Is Wi-Fi secure enough?

Or is Wi-Fi secure enough or should I be using a VPN all the way to my computer.  A huge advantage of moving the local side of the VPN tunnel to your router is it takes the pressure off weaker devices and allows for the use of devices that don’t support VPNs.   If you are using Wi-Fi to connect these devices to your router then the next question is ‘Am I now leaving myself open to attack between my device and my router’?   This could be a concern for those living in apartment buildings or other high density environments.

ZDnet has a great article on the subject, Why VPN can’t replace Wi-Fi Security.   Although its more aimed at corporate users most of the comments and all of the conclusions are still true for the home user or small business user.

Following 2 basic router security tips is generally just as effective as a VPN for the computer to router wireless connection and is the better or only solution for weaker devices:

1. Turn on the highest level of encryption your devices can collectively handle.   Do not use WEP.   Also pick a good passkey or better yet let the router pick it for you and use WPS.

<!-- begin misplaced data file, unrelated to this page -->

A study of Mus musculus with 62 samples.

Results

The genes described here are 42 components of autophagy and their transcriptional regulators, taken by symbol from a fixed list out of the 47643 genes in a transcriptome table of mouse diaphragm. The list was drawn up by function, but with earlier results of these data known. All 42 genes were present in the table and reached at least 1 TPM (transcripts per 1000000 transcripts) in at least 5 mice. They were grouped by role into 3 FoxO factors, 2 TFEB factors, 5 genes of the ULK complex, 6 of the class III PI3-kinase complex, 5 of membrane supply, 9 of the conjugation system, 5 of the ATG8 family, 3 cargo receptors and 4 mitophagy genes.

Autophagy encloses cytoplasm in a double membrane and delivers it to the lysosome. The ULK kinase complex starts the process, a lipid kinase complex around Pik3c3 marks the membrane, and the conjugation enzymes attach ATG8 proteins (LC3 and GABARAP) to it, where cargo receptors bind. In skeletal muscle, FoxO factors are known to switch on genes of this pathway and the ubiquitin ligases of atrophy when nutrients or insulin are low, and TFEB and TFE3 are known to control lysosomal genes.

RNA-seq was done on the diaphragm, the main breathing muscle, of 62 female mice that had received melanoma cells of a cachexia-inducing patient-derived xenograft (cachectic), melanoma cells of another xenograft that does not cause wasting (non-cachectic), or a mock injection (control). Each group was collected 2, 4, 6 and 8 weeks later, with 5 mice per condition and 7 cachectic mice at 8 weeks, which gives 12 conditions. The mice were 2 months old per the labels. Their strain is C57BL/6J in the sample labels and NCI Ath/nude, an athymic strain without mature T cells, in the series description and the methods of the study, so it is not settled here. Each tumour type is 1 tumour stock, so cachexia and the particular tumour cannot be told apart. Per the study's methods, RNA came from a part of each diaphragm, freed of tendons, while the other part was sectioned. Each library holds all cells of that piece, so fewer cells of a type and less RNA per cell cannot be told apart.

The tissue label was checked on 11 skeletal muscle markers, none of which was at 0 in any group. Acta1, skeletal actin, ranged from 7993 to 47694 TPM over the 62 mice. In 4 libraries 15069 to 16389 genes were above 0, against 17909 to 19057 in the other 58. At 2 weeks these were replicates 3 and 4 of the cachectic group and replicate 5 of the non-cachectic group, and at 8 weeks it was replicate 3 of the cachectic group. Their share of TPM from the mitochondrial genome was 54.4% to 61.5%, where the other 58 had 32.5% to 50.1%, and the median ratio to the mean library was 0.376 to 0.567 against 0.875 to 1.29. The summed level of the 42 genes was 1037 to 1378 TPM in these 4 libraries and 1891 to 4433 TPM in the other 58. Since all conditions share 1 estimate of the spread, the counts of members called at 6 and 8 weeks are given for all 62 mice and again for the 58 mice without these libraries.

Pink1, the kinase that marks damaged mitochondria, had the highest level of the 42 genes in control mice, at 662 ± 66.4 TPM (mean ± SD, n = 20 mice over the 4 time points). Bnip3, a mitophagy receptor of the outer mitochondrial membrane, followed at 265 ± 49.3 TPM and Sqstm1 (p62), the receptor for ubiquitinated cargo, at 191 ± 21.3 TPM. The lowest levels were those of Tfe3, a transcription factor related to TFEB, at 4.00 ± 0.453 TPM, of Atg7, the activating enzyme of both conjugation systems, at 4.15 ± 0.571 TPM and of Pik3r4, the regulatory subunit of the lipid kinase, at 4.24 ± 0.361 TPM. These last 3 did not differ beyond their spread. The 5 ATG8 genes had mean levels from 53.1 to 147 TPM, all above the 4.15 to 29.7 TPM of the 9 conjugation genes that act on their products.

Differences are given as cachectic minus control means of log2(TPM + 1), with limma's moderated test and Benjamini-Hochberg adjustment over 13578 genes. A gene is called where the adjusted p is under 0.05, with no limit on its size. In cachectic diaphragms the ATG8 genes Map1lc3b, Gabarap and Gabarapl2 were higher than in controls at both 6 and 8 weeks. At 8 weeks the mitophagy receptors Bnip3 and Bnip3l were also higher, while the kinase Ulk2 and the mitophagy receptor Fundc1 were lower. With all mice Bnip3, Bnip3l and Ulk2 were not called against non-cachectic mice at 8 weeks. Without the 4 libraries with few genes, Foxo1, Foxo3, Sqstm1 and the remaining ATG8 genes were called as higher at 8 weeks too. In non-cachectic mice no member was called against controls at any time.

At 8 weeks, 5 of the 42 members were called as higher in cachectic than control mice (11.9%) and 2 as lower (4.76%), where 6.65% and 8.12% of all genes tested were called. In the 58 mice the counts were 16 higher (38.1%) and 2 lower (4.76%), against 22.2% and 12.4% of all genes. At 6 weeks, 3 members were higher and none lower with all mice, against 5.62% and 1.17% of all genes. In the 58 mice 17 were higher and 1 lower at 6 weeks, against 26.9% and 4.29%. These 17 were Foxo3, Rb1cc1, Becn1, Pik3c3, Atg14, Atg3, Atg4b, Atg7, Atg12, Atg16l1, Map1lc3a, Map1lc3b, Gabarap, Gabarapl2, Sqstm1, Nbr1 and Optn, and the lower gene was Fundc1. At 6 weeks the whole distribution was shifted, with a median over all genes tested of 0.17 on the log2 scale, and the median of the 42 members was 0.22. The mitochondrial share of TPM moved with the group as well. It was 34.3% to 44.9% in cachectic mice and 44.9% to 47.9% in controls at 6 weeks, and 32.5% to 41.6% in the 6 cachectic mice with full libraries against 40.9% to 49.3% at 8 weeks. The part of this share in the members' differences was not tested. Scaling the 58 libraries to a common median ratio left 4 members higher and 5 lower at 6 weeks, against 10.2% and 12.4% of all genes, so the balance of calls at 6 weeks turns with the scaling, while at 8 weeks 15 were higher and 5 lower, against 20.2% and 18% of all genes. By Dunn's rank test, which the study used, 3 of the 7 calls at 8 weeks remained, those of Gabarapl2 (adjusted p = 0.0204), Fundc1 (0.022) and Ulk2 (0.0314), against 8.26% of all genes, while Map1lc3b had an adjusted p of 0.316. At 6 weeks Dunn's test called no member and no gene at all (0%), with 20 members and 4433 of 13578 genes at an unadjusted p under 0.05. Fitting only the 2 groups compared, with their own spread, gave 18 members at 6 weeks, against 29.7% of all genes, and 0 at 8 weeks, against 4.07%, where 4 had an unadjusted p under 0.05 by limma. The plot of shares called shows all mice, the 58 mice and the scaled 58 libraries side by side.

2. Change the default router administrator password and make it a strong one.

For added security:

4. Enable MAC address filtering — only allow approved devices onto your router

5. Disable SSID broadcast — makes your router harder to find

6. Position your router toward the center of your desired coverage area and away from exterior walls and windows.

7. Turn off the router during extended periods of non-use

8. Forget what I just said — Turn off WPS, but still use a long, long passkey

Having said all this its possible to have your router configured with a VPN between itself and your computer and another VPN between itself and the outside world.   Depending on the VPN service used this might be difficult to set up and one or both VPNs may need to be set up “by hand” using the command line and not the web interface.   This also requires your router to process 2 VPN tunnels and would thus require a beefer processor and more memory.

Didn’t I hear WPA was cracked?   Both WEP and WPA have been cracked.   WEP can be cracked VERY easily and should not be used.   WPA can be cracked, but it effectively took a super computer.   For a regular computer it would take millions of years to crack a strong, long passkey.   New tools are available to crack WPA through WPS, so that should be turned off for higher security.   Ultimately the most secure wireless option is not to use it and go wired, but who wants that?

In conclusion using WPA2 and good passwords/passkeys offers acceptable security, easy set-up and low overhead for the home user.